Month: י״ג בסיון תשע״ח (May 27, 2018)

Not everyone can say that ‘ People would like to have ministers like me’

Tuesday, 5 July 2011
Wonderful Methodist fringe event at Southport synagogue

Congratulations and thanks are in order to the Jewish British Board of Deputies and our own Methodist external relations department who came up with the idea of a Jewish cultural evening and seder meal as a fringe event to our own Methodist Conference.

The local synagogue in Southport pulled out all the stops and made us feel very welcome. I was, incidentally, very touched by the personal invitation from members of the Jewish community despite not being a conference delegate.

There were about 120 delegates present making it one of the biggest fringe events ever held at a Methodist Conference in living memory. Rabbi Saunders – please G-d let us have Ministers like him – introduced us to the fabric and layout of the synagogue. Much of what he said resonated with members of a denomination which started worshiping in fields and barns.

The Rabbi then led us into the community hall where there was an exhibition on the Jewish Way of Life (by the way this will be open again this evening for delegates who didn’t make it last night). We then sat down for a splendid meal as the Rabbi explained each element of the meal, and described how they mixed worship and education with food, much like a good Alpha course!

We then had short speeches from the local chair of district, the vice president of the BOD and the head of our external affairs department. They described the painful journey from last year’s awful conference (my word, not theirs) when relations between the two communities had broken down following the disgraceful (again my word not theirs) acceptance by conference of the “report” on Palestine and Israel.

Since then there has been a series of meetings which have now enabled a dialogue to get underway. Last night’s meal would have been impossible during last year’s conference and we must hope and pray for better understanding between the tow communities.

Parshas Beha’alotcha


In this week’s sedra the Jews complained about their lack of good food. They recalled all the delicacies of Egypt and asked specifically for meat. Hashem eventually gave meat to them but killed them all after a month.

Question 1

How could the Jews be so ungrateful as to complain and ask for meat? After all, they had everything they needed handed to them on a plate.

Question 2

Why does the Torah use the expression (ch 11 v 1) ‘The people were LIKE COMPLIANERS’? Surely they were complainers!!!!


I think these questions can be answered as follows:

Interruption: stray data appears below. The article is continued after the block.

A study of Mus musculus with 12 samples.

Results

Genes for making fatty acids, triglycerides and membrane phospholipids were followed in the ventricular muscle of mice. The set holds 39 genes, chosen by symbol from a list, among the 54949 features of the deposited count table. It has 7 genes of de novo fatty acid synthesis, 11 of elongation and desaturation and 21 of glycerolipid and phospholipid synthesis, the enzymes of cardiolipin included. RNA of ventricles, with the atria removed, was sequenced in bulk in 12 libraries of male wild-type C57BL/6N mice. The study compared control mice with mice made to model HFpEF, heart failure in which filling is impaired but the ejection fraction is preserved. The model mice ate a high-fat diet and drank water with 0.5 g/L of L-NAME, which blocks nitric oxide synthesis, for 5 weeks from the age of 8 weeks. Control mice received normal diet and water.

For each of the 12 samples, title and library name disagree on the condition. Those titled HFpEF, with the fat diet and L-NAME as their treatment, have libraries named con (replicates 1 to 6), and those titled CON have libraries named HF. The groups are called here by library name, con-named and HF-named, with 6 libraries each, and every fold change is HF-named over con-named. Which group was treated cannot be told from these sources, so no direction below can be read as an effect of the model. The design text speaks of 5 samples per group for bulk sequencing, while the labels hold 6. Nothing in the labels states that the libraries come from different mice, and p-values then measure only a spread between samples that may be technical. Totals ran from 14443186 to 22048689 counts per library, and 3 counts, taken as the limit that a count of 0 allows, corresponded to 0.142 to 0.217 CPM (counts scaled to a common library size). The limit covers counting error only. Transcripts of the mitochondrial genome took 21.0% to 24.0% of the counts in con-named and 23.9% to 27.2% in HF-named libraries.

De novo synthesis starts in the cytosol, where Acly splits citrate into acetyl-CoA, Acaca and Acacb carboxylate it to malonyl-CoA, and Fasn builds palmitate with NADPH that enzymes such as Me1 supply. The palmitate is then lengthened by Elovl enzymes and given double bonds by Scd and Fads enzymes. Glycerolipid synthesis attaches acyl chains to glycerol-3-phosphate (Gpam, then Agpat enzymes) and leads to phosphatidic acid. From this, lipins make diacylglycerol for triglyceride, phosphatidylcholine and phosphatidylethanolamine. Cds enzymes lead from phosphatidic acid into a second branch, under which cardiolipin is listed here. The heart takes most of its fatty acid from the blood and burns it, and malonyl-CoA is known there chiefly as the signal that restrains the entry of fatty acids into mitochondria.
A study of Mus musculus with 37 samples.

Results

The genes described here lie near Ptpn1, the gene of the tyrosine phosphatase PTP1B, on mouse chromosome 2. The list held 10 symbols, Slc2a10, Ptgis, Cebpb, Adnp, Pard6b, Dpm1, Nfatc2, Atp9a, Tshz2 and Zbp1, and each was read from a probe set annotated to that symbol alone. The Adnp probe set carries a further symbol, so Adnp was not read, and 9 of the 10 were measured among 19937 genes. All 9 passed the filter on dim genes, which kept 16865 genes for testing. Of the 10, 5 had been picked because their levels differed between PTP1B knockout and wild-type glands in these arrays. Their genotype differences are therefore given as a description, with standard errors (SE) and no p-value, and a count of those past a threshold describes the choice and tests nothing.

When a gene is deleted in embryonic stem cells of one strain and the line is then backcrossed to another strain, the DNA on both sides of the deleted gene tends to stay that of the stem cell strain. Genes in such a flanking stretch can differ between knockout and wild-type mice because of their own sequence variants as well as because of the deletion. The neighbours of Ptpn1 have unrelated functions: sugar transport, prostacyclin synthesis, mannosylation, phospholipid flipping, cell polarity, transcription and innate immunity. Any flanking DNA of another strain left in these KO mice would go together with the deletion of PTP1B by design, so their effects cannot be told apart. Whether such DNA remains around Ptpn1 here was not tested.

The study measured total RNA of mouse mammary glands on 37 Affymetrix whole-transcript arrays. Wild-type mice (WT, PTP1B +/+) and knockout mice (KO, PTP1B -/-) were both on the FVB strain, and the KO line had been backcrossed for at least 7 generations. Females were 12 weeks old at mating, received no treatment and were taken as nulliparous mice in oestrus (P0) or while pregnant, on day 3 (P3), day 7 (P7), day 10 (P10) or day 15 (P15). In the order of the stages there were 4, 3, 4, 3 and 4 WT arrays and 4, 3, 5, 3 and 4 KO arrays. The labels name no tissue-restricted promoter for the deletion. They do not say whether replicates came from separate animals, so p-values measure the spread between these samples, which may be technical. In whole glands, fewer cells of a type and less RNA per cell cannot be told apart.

The Rabbis tell us that there are 13 expressions of prayer (midrash shimonei beginning of parshat vo etchanan). Each expression denotes a different aspect to prayer and all of them can be used. The midrash recounts all the instances where they were used in the bible. Here are there English equivalents;-














(explanations of these expressions is beyond the scope of this work at the moment)

Moshe used many of these expressions to intercede to Hashem on behalf of the Jews. After the Jews made the golden calf He reasoned with Hashem not to destroy the Jews on account that the nations would think G-d was too weak to bring the Jews to the land of Israel.

This is what I believe the Jews were doing in this instance. They tried to reason with Hashem that if in the slavery of Egypt they had meat then how much more so in the utopic situation of the desert they should enjoy the same delicacies.

This is why the Torah uses the expression ‘like complainers’ because they were not really complaining. However, they still sinned on their exulted level because they should have been contented with their lot.

This is how we can understand all the other instances that the Jews complained. On many occasions when faced with either no water or with on rushing enemies they reasoned

What was the point of leaving Egypt to die in the desert, we might as well return’

This was not a statement of ungrateful people but rather a plea of reasoning and persuading Hashem to answer their requests.

The Rabbis in their great wisdom have advised that people should not reason with Hashem nowadays. This is because the line is so thin and it is easy to cross over to the realms of sin.